2 min read
And you shall not covet your fellow's wife, you shall not desire your fellow's house... (Deut. 5:18)
We understand why God commanded us not to steal or to kill; after all, it is physically possible for a person to refrain from performing such crimes. On the other hand, jealousy is an emotion and is an integral part of human nature; when you see something you like - you desire it. How can the Torah forbid something so natural as to desire someone else's possessions?
The Ibn Ezra uses a profound insight into human nature to explain this prohibition. It is quite expected that an ignorant, poverty-stricken peasant might covet his neighbor's daughter, but it would never dawn on him to lust after the queen. She is so far away and inaccessible that such a thought would never enter his mind. Sensible, logical people only yearn for things within their frame of reference; they have no interest in things that are beyond their scope or their imagination. Similarly, man must perceive his neighbor's belongings as unattainable, like a golden ingot in Fort Knox.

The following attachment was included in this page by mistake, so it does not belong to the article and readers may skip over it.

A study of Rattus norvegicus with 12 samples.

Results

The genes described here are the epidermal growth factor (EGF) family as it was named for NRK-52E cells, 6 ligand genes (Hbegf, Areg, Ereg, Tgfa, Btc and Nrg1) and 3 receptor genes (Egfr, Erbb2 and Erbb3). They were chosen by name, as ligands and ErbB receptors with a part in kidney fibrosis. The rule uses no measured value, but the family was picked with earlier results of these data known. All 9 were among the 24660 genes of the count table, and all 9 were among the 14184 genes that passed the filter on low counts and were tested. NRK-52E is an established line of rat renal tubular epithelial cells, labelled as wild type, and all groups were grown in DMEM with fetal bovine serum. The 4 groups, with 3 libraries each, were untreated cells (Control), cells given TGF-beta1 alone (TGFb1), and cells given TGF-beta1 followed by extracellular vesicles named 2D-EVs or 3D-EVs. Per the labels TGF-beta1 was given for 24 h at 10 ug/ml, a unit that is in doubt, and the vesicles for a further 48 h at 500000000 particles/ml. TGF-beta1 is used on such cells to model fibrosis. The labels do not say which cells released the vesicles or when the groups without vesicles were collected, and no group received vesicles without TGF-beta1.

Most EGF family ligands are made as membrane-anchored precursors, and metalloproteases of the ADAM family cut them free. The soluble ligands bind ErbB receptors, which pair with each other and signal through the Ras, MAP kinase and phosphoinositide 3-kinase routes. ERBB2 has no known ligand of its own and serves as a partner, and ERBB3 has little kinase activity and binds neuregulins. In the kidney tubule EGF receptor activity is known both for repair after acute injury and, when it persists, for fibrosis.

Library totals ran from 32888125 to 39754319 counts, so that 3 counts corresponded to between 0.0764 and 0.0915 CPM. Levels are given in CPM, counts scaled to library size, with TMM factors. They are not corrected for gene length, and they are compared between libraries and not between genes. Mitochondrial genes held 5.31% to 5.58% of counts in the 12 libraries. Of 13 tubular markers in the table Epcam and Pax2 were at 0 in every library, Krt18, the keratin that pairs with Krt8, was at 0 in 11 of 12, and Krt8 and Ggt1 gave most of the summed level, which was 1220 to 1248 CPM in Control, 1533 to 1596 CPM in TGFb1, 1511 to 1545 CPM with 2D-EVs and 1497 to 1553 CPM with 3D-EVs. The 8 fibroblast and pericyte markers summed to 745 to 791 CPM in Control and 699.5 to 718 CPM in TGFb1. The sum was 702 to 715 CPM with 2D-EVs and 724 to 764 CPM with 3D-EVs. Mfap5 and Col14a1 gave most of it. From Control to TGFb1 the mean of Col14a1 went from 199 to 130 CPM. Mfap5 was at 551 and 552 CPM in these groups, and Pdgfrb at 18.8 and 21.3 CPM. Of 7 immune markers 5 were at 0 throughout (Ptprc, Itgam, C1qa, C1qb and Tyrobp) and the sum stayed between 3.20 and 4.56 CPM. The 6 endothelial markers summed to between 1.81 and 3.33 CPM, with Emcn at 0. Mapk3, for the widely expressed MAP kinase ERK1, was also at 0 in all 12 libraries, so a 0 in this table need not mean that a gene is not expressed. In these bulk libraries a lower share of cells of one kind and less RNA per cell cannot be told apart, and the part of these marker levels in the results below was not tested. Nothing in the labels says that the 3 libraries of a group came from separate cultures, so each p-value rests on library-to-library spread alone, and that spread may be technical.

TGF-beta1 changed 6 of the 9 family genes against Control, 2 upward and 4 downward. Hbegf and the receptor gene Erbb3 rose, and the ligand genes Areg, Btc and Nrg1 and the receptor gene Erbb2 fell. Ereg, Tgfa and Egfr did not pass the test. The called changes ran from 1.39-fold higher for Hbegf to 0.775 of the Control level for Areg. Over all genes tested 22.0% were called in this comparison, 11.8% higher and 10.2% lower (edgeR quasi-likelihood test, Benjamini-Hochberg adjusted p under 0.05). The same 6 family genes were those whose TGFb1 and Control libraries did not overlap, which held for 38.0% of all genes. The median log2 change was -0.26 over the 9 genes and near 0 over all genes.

A storekeeper once complained to R' Meir of Premishlan, "Somebody opened a store right next to mine, and he is taking my business away!" The sage replied, "Have you ever seen a horse drink water from a river? He walks into the water and stamps his hooves. He sees another horse also drinking, he's envious and afraid that the 'other' horse will drink up all the water, and therefore he kicks his own mirror image. That is the attitude of the horse, but you know better. Realize that there is enough water in the river for all the horses, and no one can touch what God has prepared for you. You have nothing to fear or be jealous of."